Digital operations a new normal for DA
The Department of Agriculture (DA) will digitize its operations to adapt to the new normal for agriculture brought by the COVID-19 pandemic, a move that has been long overdue but impeded by lack of manpower and funds.
Agriculture Secretary William Dar, in an interview, said the DA wanted to upgrade farmers’ and fishermen’s registry system (FFRS) and a system of monitoring assistance given to farmers, called FIMS, by blending all data from DA regional offices, bureaus, agencies and corporations and foreign and local projects and partner local government units.
The digital shift would also facilitate real time recording of agriculture-fishery information and reports about DA projects through mobile geotagging technology.
The FFRS and FIMS include the Registry System for Basic Sectors in Agriculture, or RSBSA, which contains information on individual farmers and fishermen. It serves as a basis to design programs and policies for the sector, including who should benefit from such services.
Dar said in the course of the DA’s COVID-19 initiatives—wherein billions of pesos were distributed to stakeholders in the form of subsidies and loans—the department received reports that nonagricultural workers got agriculture aid, too, while others were listed twice on the registry.
This is alarming for an agency that funnelled at least P100 billion to the rice industry alone in 2019. The DA spent for palay procurement, loans, cash transfers, insurance and extension services – the distribution of which were all anchored on the RSBSA.
The secretary said he expects to begin the digital shift by the third quarter of 2020 with funding from its ambitious “Plant, Plant, Plant” program.
Dar said the would allocate P1 billion to modernize operations. But of the P31 billion that the department requested to fund its flagship project, only P8.5 billion for the rice resiliency program had been released.
Noel Reyes, DA spokesperson, said in an e-mail that lack of funding had significantly held back what should have been a consistent updating of the agency’s registry.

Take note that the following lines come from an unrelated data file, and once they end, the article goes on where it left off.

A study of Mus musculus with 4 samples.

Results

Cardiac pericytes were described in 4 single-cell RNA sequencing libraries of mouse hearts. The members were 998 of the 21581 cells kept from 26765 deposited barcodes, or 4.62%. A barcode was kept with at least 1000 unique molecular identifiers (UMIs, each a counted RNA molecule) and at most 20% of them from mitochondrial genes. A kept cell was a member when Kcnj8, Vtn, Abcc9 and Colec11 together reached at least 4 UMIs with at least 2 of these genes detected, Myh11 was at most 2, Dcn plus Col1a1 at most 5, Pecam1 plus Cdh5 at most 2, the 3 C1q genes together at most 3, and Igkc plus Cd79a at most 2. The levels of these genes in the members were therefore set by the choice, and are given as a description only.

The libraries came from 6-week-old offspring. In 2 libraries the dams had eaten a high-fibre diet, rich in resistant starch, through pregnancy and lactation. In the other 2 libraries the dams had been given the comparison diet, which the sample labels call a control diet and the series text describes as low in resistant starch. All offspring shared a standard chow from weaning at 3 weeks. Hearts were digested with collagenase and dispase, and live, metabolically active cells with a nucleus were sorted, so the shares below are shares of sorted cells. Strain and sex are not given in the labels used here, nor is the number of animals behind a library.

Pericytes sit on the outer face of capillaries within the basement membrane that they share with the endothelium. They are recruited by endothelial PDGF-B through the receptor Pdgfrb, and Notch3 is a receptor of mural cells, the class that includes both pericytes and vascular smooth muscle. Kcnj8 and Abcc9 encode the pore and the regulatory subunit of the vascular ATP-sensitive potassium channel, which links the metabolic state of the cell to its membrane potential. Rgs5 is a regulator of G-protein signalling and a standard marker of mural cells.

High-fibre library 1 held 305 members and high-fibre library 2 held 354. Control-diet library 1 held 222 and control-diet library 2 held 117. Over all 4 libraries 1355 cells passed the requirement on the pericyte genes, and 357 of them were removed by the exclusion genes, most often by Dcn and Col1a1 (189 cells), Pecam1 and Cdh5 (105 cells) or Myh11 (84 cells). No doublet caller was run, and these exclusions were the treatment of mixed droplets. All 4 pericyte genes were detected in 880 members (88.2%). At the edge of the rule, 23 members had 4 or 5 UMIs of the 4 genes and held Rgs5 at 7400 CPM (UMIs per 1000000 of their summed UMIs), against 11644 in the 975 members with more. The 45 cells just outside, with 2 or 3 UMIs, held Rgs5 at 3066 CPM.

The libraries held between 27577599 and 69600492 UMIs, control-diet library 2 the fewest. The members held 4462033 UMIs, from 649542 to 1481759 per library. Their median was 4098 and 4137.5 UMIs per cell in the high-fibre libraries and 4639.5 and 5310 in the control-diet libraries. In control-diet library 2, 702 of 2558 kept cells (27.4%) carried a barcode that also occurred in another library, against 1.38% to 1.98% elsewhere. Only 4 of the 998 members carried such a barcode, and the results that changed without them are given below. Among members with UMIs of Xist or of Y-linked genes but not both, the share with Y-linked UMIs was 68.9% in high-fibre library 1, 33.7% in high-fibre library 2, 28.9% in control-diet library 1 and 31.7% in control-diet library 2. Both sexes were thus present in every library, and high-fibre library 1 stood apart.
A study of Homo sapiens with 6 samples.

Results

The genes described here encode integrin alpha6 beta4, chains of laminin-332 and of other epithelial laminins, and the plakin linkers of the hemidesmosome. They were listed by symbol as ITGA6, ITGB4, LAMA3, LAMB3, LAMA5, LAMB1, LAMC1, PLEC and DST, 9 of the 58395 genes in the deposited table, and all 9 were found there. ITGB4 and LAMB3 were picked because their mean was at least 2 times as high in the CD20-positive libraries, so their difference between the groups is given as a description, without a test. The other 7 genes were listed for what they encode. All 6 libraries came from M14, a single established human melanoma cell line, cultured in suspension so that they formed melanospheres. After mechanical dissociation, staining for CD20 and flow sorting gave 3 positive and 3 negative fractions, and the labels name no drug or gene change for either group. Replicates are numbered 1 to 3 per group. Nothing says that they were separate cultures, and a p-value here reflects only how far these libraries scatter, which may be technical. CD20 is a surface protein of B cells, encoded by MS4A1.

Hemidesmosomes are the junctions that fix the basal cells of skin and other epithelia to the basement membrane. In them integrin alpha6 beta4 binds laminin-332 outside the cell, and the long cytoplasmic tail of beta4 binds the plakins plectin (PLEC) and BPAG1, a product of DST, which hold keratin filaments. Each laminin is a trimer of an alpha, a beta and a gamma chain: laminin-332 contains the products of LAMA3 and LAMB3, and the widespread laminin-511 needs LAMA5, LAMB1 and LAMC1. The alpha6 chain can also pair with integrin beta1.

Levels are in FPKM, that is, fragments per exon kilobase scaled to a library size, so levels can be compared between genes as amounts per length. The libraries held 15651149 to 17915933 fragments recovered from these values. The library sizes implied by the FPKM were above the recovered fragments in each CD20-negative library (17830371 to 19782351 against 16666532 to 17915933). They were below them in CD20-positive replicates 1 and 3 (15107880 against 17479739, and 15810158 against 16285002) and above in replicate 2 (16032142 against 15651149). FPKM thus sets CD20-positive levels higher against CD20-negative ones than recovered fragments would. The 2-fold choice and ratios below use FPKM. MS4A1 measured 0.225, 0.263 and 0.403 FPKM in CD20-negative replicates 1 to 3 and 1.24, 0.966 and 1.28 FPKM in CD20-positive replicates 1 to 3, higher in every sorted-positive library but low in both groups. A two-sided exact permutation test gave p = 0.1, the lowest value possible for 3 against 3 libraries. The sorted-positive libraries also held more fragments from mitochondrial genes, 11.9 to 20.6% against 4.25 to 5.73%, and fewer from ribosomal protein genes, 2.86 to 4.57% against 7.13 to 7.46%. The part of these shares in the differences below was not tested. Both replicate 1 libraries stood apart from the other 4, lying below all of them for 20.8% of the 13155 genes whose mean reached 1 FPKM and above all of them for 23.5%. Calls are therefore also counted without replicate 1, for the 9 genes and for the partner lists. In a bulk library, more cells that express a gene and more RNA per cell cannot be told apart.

In March, the Inquirer reached out to the department for the updated list of farmers registered per region, but the DA said it could provide figures based only on version 1.0 of the RSBSA, which was last updated in 2013.
Ideally, the RSBSA should be updated every three years, depending on the availability of funds, Reyes said.
Rene Cerilla, president of the Pambansang Kilusan ng mga Samahan ng Magsasaka, said that the agency’s registry continues to be influenced by politics.
“Only those who are in good relations with the authority are prioritized or are given assistance,” said Cerilla.
“Those who are really in need are sidelined, so you can really say that there is something wrong with how things are being done,” he said.
Rosadilla Limbres, a farmer from Bukidnon, said she has never even heard of the RSBSA. Limbres has been planting palay for three decades now.
Limbres’ lack of awareness on RSBSA echoes the story of several farm workers, and so the agriculture chief said the goal is to make the system “transparent, publicized, integrated, and foolproof.”
Dar said that a web-based system could ensure that only intended beneficiaries would receive and use the services and support inputs from the DA and reduce chances of corruption and other forms of malpractice.
He said this is also a way to attract young people and agriculture entrepreneurs to engage in farming, fisheries and other agricultural ventures as the country adapts to the new normal.
Edited by TSB
Subscribe to INQUIRER PLUS to get access to The Philippine Daily Inquirer & other 70+ titles, share up to 5 gadgets, listen to the news, download as early as 4am & share articles on social media. Call 896 6000.